Lauri Hussar: From the school crisis to the coronavirus crisis and back
The months preceding the coronavirus crisis were a nightmare for many local governments as schools, communities and school managers found themselves in a sharp confrontation with one another. The school organization crisis requires analysis and steps to be taken to restore peace, Lauri Hussar (Estonia 200) writes.
The legendary Winston Churchill supposedly said that a good crisis should not be allowed to go to waste. This famous sentence is used whenever society is facing hardship and needs to pull together and change attitudes to plan and execute a lot of things differently.
Schools in Estonia have been closed and children ordered to study at home from Monday. A crisis that has paralyzed everyday life has also given us the chance to look within ourselves and around us.
I dare hope that parents who now have much more contact with school life because of children studying from home think more about studying and school organization than the regular logistics of getting the kids to school and back home again. It would also pay to ponder what modern school organization should be like and whether rules currently in effect are enough to ensure it.
School organization crisis
The past few months that preceded the coronavirus crisis have been a nightmare for many local governments because schools, communities and school operators have found themselves in sharp confrontation with one another. This kind of school organization crisis requires analysis and steps to restore peace.
The state has tasked local governments with operating schools, with private schools and the increasingly centrally managed secondary education the only exceptions. Because the vast majority of Estonian schools are controlled by local politicians, they are run based on the latter's know-how and motivation.
Unfortunately, it is this fact that has contributed to education inequality as there are those who have made investing into education a priority and those who only do what's required by law.
We also haven't ruled out situations where the school and its head have been motivated by local politics and interests of politicians. A situation where the local government, school and community are sinking deeper into conflict means that the latter needs more say in matters pertaining to school life. Communities are becoming increasingly aware, demand to be involved and are no longer content to merely look on at the incompetence of schools and the local governments in charge of them.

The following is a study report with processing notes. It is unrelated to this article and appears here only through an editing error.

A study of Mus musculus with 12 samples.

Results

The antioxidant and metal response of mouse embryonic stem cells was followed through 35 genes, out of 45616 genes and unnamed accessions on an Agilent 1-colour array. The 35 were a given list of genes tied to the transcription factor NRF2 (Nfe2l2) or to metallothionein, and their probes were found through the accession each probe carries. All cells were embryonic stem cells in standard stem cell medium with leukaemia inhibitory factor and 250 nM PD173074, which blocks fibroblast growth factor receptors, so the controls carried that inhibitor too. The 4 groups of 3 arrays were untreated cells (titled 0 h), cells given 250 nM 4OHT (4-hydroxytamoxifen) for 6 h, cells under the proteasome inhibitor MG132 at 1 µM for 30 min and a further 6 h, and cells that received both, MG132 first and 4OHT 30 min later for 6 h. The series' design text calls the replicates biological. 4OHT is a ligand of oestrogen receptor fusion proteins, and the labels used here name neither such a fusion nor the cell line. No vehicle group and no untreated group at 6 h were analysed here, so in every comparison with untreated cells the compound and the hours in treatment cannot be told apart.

Time to consider important questions
Last week, the Riigikogu was handed a public initiative that, if turned into legislation, would give school boards broader powers when it comes to appointing and removing principals.
We have already heard criticism that should the proposal pass, local governments would no longer be in charge of anything. This argumentation points to a desire to see schools as an appendage of local authority and not as community projects where schools and parents play an important role.
We can say that because local governments can manage their real estate, taking care of the school building should be a feasible task for them. When it comes to organizing school life, appointing principals and exercising supervision, they would do well to work together with the community because we do not need any more school families traumatized by incompetent management.
Inclusive democracy is becoming increasingly important in organizing local life, which is why legislation must keep up. Major confusion caused by the coronavirus crisis and solving it are certainly the legislator's priorities for the time being. Time away from daily tasks provided by the crisis, however, gives us time to consider several matters and find balanced solutions.
Parents' interest in the organizational side of school life is here to stay, which is why it would be sensible for the parliament to listen to the people through the public initiative mechanism this time.